2010-10-08 / Community

Well Known Rockaway Dance Teacher Turns 88

By Carolyn Rushefsky Special To The Wave

Esther Rabinowitz Esther Rabinowitz For decades, Rockaway residents who wanted to learn how to rumba cha-cha, line dance, or do any other dance, were advised to call Esther Rabinowitz.

Rabinowitz, who’s been teaching dance for nearly 40 years, celebrated her 88th birthday last month. She shared a card-table-sized chocolate cake with members of the Rockaway Park Senior Center, sponsored by JASA (Jewish Association for Services for the Aged).

Many center regulars say they’re better dancers, thanks to her classes. “Word got around, ‘If you want to learn how to dance, go to Esther,’ ” Rabinowitz says proudly.

“She has the patience of a saint,” says Jeff Sobel, who began learning line dancing from Rabinowitz at JASA in 2002.

He was looking for interesting things to do after retiring from his job as a steno-typist with the federal government, and then working for a while as a physician’s assistant.

Sobel learned his lessons well enough to begin leading his own line-dancing class at JASA earlier this year.

Rabinowitz, whose trademark brightly colored hats, outfits and shoes make her stand out in any crowd, says she has always enjoyed her teaching stints at private parties, senior centers, rehabilitation centers and nursing homes all over the city.

“There’s nothing not to like about teaching dance,” she says. “I’m good at it. I bring pleasure to people, and that gives me pleasure,” says Rabinowitz, a retired X-ray technician.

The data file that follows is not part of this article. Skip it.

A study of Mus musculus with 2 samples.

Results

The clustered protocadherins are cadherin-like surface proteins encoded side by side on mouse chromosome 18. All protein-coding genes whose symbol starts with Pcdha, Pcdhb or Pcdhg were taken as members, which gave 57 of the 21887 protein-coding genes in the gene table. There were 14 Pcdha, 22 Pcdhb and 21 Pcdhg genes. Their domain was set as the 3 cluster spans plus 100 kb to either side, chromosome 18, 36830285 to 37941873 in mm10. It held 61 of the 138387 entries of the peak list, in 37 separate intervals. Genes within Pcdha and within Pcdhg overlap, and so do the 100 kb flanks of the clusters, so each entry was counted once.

She began teaching dance in the 1970s, first as a volunteer with the former Hartman YMHA in Far Rockaway, and then as a paid instructor at the Y, at JASA and other senior centers and temples in Rockaway, Brooklyn and Queens.

Sylvia Heller of Rockaway Park credits Esther with teaching her husband, Arthur, to learn how to trade in his shuffling feet for graceful dance steps.

“I couldn’t ask him to take lessons myself because I was afraid it would lead to an argument,” Heller says of her late husband. “He never liked me telling him what to do. But when Esther suggested it, it was fine with him,” she says, adding that dancing together brought a lot of fun into their marriage.

Many at the center fondly recall Rabinowitz’s former summertime gig, “Dancing under the Stars,” at the boardwalk and Beach 86 Street, beginning in 1980 and continuingfor 15 years, first sponsored by the New York City Parks Department and then Lew Simon, now District Leader.

Among her successful pupils is Arthur, her husband of 69 years. He’d been too busy working as a glazier on Long Island housing construction sites to do much dancing. But when his line of work dried up and unemployment beckoned, he took early retirement at age 62.

The couple, who are parents of two sons, moved to Far Rockaway from Brooklyn in 1954, and have lived in Inwood, Long Island, since 1986.

“That’s when my wife taught me to do line dancing,” says Arthur, who was fine at ballroom dancing with his wife, but shy at large gatherings.

Soon after joining Esther at her gigs, he became more outgoing; and after two years, he became adept enough to teach line dancing on his own at the Hartman Y.

“Women came flocking to him,” Esther recalls. “It was a wonderful thing for his ego. Many of them were widows and they liked having a man to dance with.

He gave them attention. I didn’t mind,” she says. “He became King Arthur.”